Determine If An SQL Statement Is Complete

int sqlite3_complete(const char *sql);
int sqlite3_complete16(const void *sql);

These routines are useful during command-line input to determine if the currently entered text seems to form a complete SQL statement or if additional input is needed before sending the text into SQLite for parsing. ^These routines return 1 if the input string appears to be a complete SQL statement. ^A statement is judged to be complete if it ends with a semicolon token and is not a prefix of a well-formed CREATE TRIGGER statement. ^Semicolons that are embedded within string literals or quoted identifier names or comments are not independent tokens (they are part of the token in which they are embedded) and thus do not count as a statement terminator. ^Whitespace and comments that follow the final semicolon are ignored.

^These routines return 0 if the statement is incomplete. ^If a memory allocation fails, then SQLITE_NOMEM is returned.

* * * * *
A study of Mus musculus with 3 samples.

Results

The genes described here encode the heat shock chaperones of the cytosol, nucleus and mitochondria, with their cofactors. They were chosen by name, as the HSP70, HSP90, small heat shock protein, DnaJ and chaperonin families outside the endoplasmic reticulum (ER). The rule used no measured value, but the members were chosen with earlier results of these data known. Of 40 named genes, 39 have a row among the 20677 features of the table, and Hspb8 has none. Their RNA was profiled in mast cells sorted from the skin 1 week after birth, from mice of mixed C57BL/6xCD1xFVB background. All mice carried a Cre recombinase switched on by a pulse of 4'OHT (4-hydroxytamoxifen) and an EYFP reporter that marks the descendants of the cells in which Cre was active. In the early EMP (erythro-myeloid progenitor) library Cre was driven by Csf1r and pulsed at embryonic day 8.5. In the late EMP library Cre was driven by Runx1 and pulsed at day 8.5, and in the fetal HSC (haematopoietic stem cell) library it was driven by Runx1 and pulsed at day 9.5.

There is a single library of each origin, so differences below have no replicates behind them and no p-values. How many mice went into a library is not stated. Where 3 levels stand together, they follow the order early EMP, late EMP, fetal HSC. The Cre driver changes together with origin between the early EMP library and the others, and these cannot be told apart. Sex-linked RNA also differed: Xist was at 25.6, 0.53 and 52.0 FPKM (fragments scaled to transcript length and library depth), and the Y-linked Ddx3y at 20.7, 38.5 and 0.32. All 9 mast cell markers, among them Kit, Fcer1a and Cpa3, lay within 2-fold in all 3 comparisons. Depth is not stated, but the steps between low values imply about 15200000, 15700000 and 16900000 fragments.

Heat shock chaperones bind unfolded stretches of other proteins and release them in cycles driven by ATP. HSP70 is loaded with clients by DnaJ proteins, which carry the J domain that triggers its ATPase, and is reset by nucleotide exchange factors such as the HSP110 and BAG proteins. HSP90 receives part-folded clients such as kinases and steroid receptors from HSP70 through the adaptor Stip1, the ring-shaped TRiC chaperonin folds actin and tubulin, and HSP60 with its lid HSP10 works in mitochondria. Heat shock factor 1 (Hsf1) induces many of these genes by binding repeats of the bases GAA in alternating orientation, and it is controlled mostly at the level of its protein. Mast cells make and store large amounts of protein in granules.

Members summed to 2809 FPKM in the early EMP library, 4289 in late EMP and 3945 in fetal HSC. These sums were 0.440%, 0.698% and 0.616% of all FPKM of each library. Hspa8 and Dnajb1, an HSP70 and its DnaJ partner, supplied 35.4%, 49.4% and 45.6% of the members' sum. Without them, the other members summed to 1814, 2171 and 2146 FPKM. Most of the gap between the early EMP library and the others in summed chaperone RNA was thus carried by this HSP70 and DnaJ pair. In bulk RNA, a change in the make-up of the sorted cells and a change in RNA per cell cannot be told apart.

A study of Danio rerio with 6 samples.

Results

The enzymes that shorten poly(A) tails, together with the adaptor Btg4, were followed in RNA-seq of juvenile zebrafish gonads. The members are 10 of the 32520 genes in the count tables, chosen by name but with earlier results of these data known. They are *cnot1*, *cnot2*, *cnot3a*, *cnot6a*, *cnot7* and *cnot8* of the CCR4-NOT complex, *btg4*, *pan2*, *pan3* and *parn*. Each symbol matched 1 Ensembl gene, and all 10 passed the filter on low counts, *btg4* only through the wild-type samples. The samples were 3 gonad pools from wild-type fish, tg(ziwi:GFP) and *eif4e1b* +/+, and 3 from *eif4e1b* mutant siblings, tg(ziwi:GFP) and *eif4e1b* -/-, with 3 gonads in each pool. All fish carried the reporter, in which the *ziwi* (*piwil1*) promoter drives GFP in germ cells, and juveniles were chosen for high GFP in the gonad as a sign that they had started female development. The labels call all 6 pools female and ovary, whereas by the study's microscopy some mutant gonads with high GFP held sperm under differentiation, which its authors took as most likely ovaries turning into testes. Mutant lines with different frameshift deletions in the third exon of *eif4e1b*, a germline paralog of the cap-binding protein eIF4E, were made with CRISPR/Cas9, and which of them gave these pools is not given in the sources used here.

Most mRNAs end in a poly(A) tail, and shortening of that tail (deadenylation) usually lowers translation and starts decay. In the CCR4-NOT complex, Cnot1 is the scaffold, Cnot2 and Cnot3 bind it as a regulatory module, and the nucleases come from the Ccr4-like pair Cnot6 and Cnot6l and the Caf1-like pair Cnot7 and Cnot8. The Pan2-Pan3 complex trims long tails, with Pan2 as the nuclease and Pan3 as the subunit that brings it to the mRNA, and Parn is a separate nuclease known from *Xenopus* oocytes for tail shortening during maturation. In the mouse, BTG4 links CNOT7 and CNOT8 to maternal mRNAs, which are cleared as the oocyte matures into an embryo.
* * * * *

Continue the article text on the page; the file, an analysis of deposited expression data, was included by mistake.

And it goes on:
^These routines do not parse the SQL statements thus will not detect syntactically incorrect SQL.

^(If SQLite has not been initialized using sqlite3_initialize() prior to invoking sqlite3_complete16() then sqlite3_initialize() is invoked automatically by sqlite3_complete16(). If that initialization fails, then the return value from sqlite3_complete16() will be non-zero regardless of whether or not the input SQL is complete.)^

The input to sqlite3_complete() must be a zero-terminated UTF-8 string.

The input to sqlite3_complete16() must be a zero-terminated UTF-16 string in native byte order.

See also lists of Objects, Constants, and Functions.